March 29, 2016
8 Historical Facts About Barbers That Even Barbers Don’t Know
Barbing is one of life’s inevitable things and guys do it to look neat and sharp, but how many men even know how the modern idea of barbing originated. Find out.
File photo: Barber at work
Many Nigerian men make a trip to their barber at least once a week but most of them probably know nothing about how the art of barbing began, what barbers were truly about and where they got their name from.
Below are 10 old facts about barbing everyone should know:
1. The word ‘barber’ comes from the Latin word ‘barba’, meaning beard.
2. In the middle ages, barbers also treated wounds and performed surgery. Barbers performed surgeries, amputations, enemas, set breaks, removed kidney stones, treated wounds, drained boils, lanced cysts, cleaned ears, created ointments, and could give you a bath or crack your neck.
3. In some ancient cultures, it was thought that demons liked to enter the body through the hair, so the barber could prevent evil spirits from inhabiting you. Later some barbers took part in trepanning, which is the process of drilling a hole in the head to let out the evil spirits that are causing mental illness or seizures.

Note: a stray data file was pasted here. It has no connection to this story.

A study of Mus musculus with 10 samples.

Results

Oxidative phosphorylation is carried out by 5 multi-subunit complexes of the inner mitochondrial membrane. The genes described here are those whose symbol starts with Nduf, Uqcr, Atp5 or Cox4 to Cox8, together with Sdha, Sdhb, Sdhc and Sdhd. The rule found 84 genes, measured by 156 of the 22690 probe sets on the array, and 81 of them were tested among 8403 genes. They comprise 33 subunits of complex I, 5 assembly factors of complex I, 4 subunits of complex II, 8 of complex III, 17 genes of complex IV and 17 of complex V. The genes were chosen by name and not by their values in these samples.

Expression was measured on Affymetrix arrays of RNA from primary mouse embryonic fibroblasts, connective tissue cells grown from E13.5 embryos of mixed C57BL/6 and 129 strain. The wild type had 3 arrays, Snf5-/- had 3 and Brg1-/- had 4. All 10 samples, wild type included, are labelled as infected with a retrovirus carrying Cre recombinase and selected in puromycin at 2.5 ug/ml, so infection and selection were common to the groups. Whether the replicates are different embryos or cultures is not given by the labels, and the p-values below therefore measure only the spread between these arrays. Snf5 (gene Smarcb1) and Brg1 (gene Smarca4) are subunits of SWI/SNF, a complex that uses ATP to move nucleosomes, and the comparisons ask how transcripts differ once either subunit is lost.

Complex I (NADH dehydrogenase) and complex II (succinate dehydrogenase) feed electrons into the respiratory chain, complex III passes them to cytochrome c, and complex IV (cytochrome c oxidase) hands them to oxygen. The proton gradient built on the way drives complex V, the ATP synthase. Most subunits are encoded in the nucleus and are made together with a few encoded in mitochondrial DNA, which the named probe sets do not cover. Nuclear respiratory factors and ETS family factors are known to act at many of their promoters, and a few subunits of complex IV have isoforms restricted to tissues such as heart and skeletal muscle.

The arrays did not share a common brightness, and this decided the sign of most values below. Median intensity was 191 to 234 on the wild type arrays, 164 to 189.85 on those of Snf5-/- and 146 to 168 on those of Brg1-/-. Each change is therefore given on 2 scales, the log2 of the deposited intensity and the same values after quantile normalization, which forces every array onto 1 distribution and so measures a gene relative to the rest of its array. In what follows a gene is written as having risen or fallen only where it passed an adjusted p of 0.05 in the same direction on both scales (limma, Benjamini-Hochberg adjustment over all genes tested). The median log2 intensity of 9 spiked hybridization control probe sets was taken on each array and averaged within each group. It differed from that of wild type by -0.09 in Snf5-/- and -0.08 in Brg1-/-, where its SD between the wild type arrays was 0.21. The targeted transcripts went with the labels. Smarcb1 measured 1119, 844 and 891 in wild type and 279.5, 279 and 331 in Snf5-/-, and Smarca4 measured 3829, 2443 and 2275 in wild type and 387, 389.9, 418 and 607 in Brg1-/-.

4. In 1450, an Act of Parliament prohibited barbers from performing surgery.- Surgeons were also banned from cutting hair, but both professions could still extract teeth.
5. In ancient Rome, barbers dressed cuts with spiders’ webs soaked in vinegar.
6. The barber’s trade is an ancient one. Razors have been found among relics of the Bronze Age- Barbering was introduced to Rome by the Greek colonies in Sicily in 296 B.C., and barber shops quickly became very popular centres for daily news and gossip. A morning visit to the tonsor became a part of the daily routine, as important as the visit to the public baths, and a young man’s first shave (tonsura) was an essential part of his coming of age ceremony.
7. The barber was paid higher than the surgeon until surgeons were entered into British war ships during its many naval wars.
8. A desairologist is licensed to work on the hair, make-up, nails, and hair coloring of dead people at funeral homes. These clients are able to be very still, but are not the best conversationalists.